Rani’s platform consists of a polymer pill with a pH-sensitive outer layer. When ingested, the outer layer dissolves in the intestine, exposing a tiny valve that releases citric acid and sodium bicarbonate.
These chemicals react, creating energy which inflates a balloon-like structure surrounded by tiny sugar needles preloaded with the drug that lodges itself into the intestinal wall, delivering the API painlessly.
“The delivery of large molecules orally is considered the holy grail of drug delivery, and there have been many failed attempts before us,” said Rani’s CEO Mir Imran.
“We understand the magnitude of the problem we are pursuing, and we are confident that our approach has the potential to radically change the way biologics are administered to patients,” he continued.
Under the agreement, financial terms of which were not provided, Novartis and Ranil will collaborate to test whether the technology can be used to deliver various biologic drug candidates from the former’s pipeline.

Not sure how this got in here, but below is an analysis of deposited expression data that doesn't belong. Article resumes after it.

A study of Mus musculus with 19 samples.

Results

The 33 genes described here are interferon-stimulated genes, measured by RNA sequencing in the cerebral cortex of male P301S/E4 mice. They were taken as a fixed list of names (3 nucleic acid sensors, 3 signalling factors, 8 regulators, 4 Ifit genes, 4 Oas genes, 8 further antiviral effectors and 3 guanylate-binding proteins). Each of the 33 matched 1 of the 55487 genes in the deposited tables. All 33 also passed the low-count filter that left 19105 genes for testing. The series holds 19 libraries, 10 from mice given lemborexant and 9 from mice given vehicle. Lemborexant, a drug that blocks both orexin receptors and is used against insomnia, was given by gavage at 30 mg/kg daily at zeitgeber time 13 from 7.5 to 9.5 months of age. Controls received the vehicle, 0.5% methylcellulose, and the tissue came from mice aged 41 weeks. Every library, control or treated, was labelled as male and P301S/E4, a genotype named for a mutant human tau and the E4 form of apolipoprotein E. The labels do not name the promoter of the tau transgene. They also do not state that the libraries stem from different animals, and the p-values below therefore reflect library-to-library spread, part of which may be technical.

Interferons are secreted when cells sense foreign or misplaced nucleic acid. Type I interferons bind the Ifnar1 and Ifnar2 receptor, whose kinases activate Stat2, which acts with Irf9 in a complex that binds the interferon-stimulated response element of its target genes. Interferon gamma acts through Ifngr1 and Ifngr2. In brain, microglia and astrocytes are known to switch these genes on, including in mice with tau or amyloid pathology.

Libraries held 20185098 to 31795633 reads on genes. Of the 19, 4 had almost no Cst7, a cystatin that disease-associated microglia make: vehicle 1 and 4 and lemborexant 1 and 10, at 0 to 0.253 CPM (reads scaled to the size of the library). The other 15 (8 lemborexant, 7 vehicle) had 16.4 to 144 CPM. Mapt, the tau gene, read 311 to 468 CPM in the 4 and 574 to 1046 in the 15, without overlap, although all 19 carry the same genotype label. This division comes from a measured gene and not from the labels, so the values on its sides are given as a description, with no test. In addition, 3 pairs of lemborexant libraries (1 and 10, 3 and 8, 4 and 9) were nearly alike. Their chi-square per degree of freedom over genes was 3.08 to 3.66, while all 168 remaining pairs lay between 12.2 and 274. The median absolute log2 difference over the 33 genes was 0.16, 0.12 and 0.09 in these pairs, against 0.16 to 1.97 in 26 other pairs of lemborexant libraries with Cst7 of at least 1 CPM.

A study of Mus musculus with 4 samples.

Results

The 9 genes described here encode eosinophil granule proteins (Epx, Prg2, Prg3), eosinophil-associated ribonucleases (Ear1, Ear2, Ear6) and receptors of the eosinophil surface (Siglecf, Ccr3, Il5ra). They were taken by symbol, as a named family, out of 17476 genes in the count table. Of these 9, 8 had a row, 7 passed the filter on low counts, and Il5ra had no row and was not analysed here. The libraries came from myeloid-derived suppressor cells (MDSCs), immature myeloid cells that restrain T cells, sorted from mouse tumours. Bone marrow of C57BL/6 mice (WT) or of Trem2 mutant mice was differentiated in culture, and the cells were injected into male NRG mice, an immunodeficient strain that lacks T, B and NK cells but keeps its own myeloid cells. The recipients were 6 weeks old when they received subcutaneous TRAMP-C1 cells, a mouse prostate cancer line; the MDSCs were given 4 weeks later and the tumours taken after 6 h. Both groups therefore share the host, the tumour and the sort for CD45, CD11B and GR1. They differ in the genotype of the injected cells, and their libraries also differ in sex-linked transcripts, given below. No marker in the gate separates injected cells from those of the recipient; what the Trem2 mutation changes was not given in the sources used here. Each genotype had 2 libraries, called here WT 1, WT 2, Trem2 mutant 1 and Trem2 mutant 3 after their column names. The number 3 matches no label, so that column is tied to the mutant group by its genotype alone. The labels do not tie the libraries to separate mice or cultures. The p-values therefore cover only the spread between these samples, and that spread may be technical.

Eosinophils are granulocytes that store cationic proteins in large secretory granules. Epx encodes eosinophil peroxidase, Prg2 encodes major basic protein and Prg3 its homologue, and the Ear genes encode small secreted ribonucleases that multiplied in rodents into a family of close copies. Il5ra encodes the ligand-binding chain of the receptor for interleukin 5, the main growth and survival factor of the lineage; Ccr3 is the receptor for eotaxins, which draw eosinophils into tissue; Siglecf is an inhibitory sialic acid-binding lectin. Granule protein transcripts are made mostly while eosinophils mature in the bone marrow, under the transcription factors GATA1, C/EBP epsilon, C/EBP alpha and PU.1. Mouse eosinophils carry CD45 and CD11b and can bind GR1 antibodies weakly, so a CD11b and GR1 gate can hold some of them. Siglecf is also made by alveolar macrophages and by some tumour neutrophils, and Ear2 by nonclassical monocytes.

"To date, all attempts to convert biologics to pills have failed," a Novartis spokesperson told in-Pharmatechnologist.com. "If successful, Novartis in collaboration with Rani Therapeutics would most likely be the first company to provide oral delivery of biologics to patients."
The collaboration will run for 18-24 months, after which the Swiss Pharma Giant will have the right to enter into a more extensive collaboration.
The drug delivery platform was created by InCube Labs. In 2012, the San Diego-based biotech founded Rani as an independent organisation, granting it rights to use the technology and to seek licensees in a move funded in part by Google Ventures and VentureHealth.
News of the Novartis agreement follows just a day after Ranil announced it had closed a Series C funding, which saw further investment from Google.